Following the conclusion of the Charity Governance Code consultation earlier in 2020, the Steering Group has issued an updated version of the Code in December 2020. The ’Foundation and Seven Key Principles’ framework remain unchanged, but as signposted during the consultation exercise, two of the principles have been updated with one being significantly altered from its previous version. The key changes are as follows:
This principle has undergone a ’light refresh’ with the key changes being in relation to:
3.7 Ensuring the right to be safe
3.7.1 Trustees understand their safeguarding responsibilities and go beyond the legal minimum to promote a culture in which everyone feels safe and respected.
3.7.2 Where appropriate:
Much has been written regarding safeguarding (headlines, Charity Commission bulletins or governance case findings) and this amendment to the Code serves to ensure that Trustees at Board level understand both their legal requirements and safeguarding policies & procedures.
Unlike the Integrity Principle update, a comparison of the old Code to the refreshed version in the area of diversity is not as useful an exercise. It was the Moore Kingston Smith governance team’s feedback to the consultation that the Diversity Principle was the one area of the 2017 Code that “had not best stood the test of time and needed a significant refresh”. This feedback was agreed by the Steering Group (and the feedback even made its way onto the consultation update slides presented back in September!) and the Diversity Principle has been, with the aid of external consultants, completely reworked.
1. Think about why EDI is important for the charity and assess the current level of understanding.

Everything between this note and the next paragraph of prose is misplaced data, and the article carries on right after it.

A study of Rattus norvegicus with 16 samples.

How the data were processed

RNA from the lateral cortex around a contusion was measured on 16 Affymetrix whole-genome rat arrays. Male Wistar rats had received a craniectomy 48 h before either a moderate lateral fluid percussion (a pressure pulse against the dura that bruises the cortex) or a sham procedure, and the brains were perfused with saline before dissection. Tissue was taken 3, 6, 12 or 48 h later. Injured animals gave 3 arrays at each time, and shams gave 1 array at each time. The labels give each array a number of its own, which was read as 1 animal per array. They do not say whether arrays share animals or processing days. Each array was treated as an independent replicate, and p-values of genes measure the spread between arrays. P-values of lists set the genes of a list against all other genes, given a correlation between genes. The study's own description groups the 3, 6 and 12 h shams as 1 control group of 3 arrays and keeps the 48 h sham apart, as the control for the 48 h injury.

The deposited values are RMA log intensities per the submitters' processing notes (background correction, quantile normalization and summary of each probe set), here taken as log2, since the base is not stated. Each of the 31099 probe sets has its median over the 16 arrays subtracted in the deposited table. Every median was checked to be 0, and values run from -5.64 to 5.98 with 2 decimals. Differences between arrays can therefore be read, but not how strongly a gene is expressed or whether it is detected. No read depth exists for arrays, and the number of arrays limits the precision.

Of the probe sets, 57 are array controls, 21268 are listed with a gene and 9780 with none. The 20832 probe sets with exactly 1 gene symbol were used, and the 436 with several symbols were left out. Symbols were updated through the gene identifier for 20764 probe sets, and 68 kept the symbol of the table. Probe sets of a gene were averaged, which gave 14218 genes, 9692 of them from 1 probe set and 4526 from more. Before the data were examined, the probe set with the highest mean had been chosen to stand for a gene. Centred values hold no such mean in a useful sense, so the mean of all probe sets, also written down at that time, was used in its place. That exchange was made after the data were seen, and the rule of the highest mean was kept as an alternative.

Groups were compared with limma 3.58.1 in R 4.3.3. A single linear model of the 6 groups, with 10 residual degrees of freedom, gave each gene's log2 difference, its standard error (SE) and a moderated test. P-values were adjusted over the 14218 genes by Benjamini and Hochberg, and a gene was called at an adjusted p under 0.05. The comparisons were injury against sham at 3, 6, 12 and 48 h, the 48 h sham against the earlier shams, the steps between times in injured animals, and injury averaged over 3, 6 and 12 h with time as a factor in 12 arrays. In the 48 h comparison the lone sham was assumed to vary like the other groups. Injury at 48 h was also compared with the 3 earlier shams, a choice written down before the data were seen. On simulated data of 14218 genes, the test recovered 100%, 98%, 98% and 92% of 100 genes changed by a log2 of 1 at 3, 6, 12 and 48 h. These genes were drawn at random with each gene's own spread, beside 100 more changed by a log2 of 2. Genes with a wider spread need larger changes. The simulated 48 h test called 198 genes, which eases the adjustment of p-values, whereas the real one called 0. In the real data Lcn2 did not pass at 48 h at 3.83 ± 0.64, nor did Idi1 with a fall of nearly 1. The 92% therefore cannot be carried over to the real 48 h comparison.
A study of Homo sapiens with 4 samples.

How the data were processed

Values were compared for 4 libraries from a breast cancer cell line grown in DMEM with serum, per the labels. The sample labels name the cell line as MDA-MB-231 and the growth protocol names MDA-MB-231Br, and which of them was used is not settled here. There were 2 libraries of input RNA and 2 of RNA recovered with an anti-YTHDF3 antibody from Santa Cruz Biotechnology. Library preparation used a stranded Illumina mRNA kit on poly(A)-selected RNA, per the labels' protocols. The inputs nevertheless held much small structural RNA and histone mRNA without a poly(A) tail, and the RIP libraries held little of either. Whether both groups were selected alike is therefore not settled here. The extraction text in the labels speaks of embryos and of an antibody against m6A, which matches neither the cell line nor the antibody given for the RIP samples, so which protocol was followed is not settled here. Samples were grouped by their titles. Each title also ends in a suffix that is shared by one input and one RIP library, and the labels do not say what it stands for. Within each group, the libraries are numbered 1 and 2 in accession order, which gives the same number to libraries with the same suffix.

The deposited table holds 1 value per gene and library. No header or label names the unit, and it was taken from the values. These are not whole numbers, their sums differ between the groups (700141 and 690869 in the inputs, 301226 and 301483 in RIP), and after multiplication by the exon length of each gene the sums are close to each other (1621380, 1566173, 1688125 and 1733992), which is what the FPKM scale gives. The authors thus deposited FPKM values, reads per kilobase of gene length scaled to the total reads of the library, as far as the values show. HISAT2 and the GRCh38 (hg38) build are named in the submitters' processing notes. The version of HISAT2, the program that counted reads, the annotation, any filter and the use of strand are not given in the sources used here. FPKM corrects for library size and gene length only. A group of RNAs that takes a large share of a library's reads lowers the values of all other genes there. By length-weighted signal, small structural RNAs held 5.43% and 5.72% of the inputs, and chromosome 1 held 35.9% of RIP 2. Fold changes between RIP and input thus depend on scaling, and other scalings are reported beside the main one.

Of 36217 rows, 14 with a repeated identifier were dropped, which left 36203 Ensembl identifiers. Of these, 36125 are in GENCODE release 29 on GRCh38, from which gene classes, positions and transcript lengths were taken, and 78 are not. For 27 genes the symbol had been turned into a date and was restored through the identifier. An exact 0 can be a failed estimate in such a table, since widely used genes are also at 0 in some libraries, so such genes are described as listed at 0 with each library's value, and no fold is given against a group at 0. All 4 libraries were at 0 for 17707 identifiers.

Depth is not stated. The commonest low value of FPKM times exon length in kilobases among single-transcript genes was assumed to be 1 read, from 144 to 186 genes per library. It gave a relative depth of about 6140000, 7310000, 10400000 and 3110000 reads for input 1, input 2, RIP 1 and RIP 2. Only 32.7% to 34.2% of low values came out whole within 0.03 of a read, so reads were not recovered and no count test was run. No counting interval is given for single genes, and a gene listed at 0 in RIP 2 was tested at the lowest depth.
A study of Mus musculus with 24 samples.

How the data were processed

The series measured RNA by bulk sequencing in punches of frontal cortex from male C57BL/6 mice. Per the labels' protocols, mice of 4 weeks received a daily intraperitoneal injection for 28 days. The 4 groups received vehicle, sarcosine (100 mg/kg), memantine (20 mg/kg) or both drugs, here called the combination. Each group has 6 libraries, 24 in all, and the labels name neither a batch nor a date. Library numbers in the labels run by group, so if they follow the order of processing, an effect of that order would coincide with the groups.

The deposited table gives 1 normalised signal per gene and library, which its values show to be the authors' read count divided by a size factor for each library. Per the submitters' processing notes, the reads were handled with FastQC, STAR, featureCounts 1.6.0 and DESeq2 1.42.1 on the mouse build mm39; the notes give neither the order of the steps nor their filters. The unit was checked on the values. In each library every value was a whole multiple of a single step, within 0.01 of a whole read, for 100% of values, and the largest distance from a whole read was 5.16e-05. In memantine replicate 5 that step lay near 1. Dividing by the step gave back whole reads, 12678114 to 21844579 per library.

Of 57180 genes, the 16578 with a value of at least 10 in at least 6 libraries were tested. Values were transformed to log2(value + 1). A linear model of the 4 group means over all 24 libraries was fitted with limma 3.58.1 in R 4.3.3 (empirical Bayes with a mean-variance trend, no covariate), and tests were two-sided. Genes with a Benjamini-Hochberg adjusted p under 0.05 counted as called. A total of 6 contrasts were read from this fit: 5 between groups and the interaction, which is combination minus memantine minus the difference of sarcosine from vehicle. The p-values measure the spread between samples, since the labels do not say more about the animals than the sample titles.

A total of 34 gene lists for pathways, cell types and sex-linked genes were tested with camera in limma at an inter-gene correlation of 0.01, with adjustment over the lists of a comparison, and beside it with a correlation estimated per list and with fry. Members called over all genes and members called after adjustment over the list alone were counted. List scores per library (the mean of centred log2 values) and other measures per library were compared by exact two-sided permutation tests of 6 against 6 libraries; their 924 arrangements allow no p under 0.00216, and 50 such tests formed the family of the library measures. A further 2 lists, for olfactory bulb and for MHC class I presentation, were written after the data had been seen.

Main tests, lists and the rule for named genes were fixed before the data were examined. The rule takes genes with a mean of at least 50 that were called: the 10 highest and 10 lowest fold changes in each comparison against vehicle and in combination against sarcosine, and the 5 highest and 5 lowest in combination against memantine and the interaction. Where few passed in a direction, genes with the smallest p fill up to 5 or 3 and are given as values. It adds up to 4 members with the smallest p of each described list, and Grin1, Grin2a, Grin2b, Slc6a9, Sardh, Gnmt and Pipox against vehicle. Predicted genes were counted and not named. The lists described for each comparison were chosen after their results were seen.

2. Set out plans and targets tailored to the charity and its starting point.
3. Monitor and measure how well the charity is doing.
4. Be transparent and publish the charity’s progress.
The Steering Group has also recognised that many charities are at different stages of their EDI journey and that more guidance on how to practically manage this process and how it may differ for sub-sectors is required. More guidance will be shared in due course.
Feedback from the Steering Group
Rosie Chapman, Chair of the Charity Governance Code Steering Group said: “These improvements to the Charity Governance Code reflect changes in society and the broader context in which charities are working. The updated Code is designed to help charities adopt good practice and secure better outcomes for the communities they serve. We know that charities are at varying stages in their efforts to fully adopt the Code, particularly in relation to achieving equality of opportunity, diversity and inclusion, and the updated Code is designed to help charities on this journey.
We’ve also heard that charities and boards would like more guidance on how to improve their approach to EDI. In response, we are asking charity umbrella and infrastructure bodies to provide more guidance and support to charities to help them meet the recommended practice in the Code. We’ve also updated the integrity principle to reflect the importance of everyone who comes into contact with a charity being treated with dignity and respect and to feel that they are in a safe and supportive environment.”
The Moore Kingston Smith Governance team continues to undertake a number of governance reviews in the sector, ranging from ’one-off’ governance engagements to full reviews against the Code. If you would like to consider this in more detail, please contact either Luke Holt, or your usual Moore Kingston Smith contact.